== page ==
I was handed a layoff notice in the summer of 2016 while working at the Toronto Star.
I wasn’t alone. Dozens in the editorial department at the Star faced the axe during that fateful summer.
It wasn’t a shock.
Print newspaper readership continued its precipitous drop as audiences found different routes to read the news online.
It was at that point I decided to change my career trajectory. While many of my colleagues chose to stick it out in journalism, others went off into adjacent industries such as communications and public relations.
I decided to enrol into an MBA program. I had a goal in mind. It entailed pivoting my decade of journalism experience into a new realm: marketing.
Was it worth it?
I’ll aim to answer that question in the points below. And if you’re looking to get an MBA – or currently in an MBA program – keep on reading.
1. Career Pivot
If you’re like me and looking to pivot your career, it’s worth getting an MBA. For those of us who come from non-business backgrounds, it helps that MBAs now offer specializations. For example, I chose the Schulich School of Business in Toronto because it has a media specialization, which attracts a handful of students each year. Schulich’s MBA also has an amazing marketing department, with globally renowned instructors. You’re learning from the best.
The benefit of a specialization is that it helps you feel right at home in business school. Going to a school where you fit is important. After all, you’re dolling out quite a bit of money for a two-year-long program. You want to get the most value out of those two years. It also makes the career pivot less jarring.
Specializations also complement your work history. I found my MBA curriculum paired well with my work history as a media professional, and that in turn helps you with the job hunt post-MBA. An MBA is a viable option if you’re thinking of pivoting careers. And if you’re thinking of a management career in marketing, it’s a great route.
Every fall, top business schools attract a host of consulting firms during recruitment fairs. Many of my former fellow students were set on careers in consulting. They just needed those three letters on their Linkedin profiles.
And from what I’ve seen, most do land jobs at firms of their choice. Unlike marketing, where you don’t need an MBA unless you want to reach the C-suite of a firm, consultants often need an MBA to get that next gig. If a career in consulting is in your future, then you’ll already know the value of an MBA.
3. Business Parlance and Strategic Mindset
I completed my undergrad in journalism and while journalism schools teach you the invaluable skills of storytelling, researching, and reporting, they don’t tell you how your work relates to the bottom line. One of the most valuable aspects of an MBA is it teaches you to speak the language of business. From KPI to ROI, business school makes you understand how your work impacts revenue. You’ll learn an array of frameworks and methods to navigate ambiguity, and the language that goes along with it. This is especially valuable to those of us who have non-business undergraduate degrees and are looking for careers in management.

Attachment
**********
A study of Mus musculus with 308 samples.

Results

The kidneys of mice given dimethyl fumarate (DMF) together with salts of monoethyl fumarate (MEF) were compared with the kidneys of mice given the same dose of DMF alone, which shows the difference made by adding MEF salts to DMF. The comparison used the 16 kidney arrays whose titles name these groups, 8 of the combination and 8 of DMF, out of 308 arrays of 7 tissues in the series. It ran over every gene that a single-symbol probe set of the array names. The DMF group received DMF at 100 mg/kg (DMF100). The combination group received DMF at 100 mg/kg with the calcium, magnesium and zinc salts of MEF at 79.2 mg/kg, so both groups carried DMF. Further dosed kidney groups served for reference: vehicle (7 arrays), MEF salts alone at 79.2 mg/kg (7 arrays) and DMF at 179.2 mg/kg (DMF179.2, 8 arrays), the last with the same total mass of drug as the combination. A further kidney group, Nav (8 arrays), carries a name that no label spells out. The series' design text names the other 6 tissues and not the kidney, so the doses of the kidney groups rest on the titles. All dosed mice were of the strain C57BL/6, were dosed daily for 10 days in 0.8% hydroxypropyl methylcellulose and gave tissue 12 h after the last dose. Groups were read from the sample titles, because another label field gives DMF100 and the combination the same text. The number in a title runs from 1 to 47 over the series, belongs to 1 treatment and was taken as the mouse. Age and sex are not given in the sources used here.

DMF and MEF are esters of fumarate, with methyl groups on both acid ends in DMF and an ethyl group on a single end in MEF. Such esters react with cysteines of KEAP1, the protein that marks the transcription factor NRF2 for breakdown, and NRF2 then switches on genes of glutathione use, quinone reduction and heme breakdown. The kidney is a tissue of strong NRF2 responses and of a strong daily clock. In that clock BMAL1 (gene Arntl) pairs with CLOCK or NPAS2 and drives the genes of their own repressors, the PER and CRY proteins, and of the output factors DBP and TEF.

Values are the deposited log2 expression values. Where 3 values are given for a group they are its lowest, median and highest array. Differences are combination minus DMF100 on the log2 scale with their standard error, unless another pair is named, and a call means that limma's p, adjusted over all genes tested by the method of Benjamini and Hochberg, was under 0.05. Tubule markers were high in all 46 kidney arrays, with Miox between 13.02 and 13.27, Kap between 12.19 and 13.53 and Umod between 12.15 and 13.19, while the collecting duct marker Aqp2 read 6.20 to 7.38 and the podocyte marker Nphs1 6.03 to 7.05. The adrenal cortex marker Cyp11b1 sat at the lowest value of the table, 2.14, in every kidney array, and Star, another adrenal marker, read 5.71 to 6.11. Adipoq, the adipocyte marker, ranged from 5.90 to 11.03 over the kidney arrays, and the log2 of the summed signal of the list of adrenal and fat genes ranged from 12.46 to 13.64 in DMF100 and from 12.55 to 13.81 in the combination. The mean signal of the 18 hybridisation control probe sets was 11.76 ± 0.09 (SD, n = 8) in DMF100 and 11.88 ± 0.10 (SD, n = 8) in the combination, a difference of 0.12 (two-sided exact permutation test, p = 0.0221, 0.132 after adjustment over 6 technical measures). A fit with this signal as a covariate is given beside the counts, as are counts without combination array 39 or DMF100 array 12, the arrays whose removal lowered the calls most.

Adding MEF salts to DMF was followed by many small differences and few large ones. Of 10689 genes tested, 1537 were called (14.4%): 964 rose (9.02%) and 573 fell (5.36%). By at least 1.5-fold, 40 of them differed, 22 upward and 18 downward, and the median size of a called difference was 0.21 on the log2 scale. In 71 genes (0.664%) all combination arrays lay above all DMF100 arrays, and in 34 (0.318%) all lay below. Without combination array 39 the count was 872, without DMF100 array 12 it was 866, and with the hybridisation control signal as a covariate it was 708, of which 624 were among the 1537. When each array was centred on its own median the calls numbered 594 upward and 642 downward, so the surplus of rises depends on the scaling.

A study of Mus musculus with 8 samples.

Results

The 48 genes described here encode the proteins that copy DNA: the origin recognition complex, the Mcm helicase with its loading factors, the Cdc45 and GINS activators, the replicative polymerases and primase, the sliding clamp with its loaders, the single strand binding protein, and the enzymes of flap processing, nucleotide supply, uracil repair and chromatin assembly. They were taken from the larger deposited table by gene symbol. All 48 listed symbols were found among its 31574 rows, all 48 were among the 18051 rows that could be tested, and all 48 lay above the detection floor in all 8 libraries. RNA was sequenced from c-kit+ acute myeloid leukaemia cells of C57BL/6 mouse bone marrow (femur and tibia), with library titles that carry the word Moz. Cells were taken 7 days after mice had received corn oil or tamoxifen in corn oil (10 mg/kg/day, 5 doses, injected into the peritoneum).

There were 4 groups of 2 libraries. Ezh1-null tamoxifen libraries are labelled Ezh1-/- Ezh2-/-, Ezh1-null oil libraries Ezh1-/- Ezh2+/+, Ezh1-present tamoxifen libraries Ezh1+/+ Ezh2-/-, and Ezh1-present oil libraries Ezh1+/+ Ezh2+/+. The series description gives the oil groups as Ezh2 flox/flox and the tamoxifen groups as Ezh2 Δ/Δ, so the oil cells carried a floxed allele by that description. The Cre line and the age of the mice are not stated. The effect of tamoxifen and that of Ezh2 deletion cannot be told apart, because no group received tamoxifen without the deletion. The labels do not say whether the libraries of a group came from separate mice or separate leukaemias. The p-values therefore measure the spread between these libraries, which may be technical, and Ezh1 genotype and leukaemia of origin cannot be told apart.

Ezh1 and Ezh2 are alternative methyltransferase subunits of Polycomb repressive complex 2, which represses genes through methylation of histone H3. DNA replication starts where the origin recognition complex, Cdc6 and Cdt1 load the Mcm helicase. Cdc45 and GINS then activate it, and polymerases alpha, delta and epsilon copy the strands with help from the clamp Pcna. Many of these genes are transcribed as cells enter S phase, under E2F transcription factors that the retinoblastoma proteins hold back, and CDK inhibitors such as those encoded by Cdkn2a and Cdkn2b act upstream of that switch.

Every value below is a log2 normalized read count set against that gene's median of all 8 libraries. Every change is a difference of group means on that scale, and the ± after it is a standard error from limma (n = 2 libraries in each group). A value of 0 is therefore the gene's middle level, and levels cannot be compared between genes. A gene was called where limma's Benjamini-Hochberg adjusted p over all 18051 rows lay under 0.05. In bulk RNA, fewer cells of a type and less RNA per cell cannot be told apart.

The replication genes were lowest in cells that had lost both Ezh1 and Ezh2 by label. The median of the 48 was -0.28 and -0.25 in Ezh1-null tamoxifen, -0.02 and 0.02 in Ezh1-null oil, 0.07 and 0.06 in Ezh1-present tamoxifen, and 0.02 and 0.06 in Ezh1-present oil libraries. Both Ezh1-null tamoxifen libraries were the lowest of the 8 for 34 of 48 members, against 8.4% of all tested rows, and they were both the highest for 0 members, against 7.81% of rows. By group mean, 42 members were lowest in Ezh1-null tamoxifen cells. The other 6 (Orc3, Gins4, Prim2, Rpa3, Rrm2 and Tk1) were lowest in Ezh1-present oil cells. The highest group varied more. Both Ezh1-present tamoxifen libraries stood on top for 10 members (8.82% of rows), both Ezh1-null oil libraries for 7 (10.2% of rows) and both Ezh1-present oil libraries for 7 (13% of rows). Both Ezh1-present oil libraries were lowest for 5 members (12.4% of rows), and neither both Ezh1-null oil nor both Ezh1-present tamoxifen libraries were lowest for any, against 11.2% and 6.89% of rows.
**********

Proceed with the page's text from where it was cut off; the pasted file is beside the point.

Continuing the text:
Top business schools are known for their networks, which are helpful in setting you up with the right career. I completed two internships during my MBA, and both of them stemmed from contacts at Schulich. One of the most valuable aspects of a great MBA program is the access you’ll have to a wide breadth of graduates. While you don’t need an MBA to access a great network, a great MBA program will give you access to a network you’ll always be a part of as you continue your career journey.
So, Is the MBA Worth It?
If you’re getting the MBA for any of the above reasons, it is worth considering. But it’s important to remember that the MBA isn’t cheap. My Schulich MBA cost nearly $100,000 for two years (though the school is great with grants and scholarships). Top MBA programs in Canada are about the same price. And if you’re going to school full-time, you’ll lose out on two years of salary.
Additionally, because it’s such a pricey and time-intensive investment, it’s important to know what you plan on doing with your MBA after you graduate. Take time to research the types of careers you’ll land once you graduate with an MBA. I’d recommend doing this prior to sending out any applications, or prior to writing the GMAT.
Finally, I wrote a column earlier this year for the Toronto Star on graduating with an MBA amid the COVID-19 pandemic. After posting the piece on my Linkedin page, several prospective MBA hopefuls messaged me about their concerns. With schools primarily run online today, many worried the MBA experience wouldn’t be the same.
I agree. It’s not.
Due to COVID-19, I took several courses online near the end of my MBA. It wasn’t the same. I feel the cost of an in-person MBA isn’t worth it when you’re completing it online. You miss out on so many in-person networking opportunities. If you are planning to do an MBA, consider the fact that even the top-tier programs are currently online. However, with a COVID-19 vaccine now available, schools will eventually open up their literal doors.
I help companies grow by telling their stories.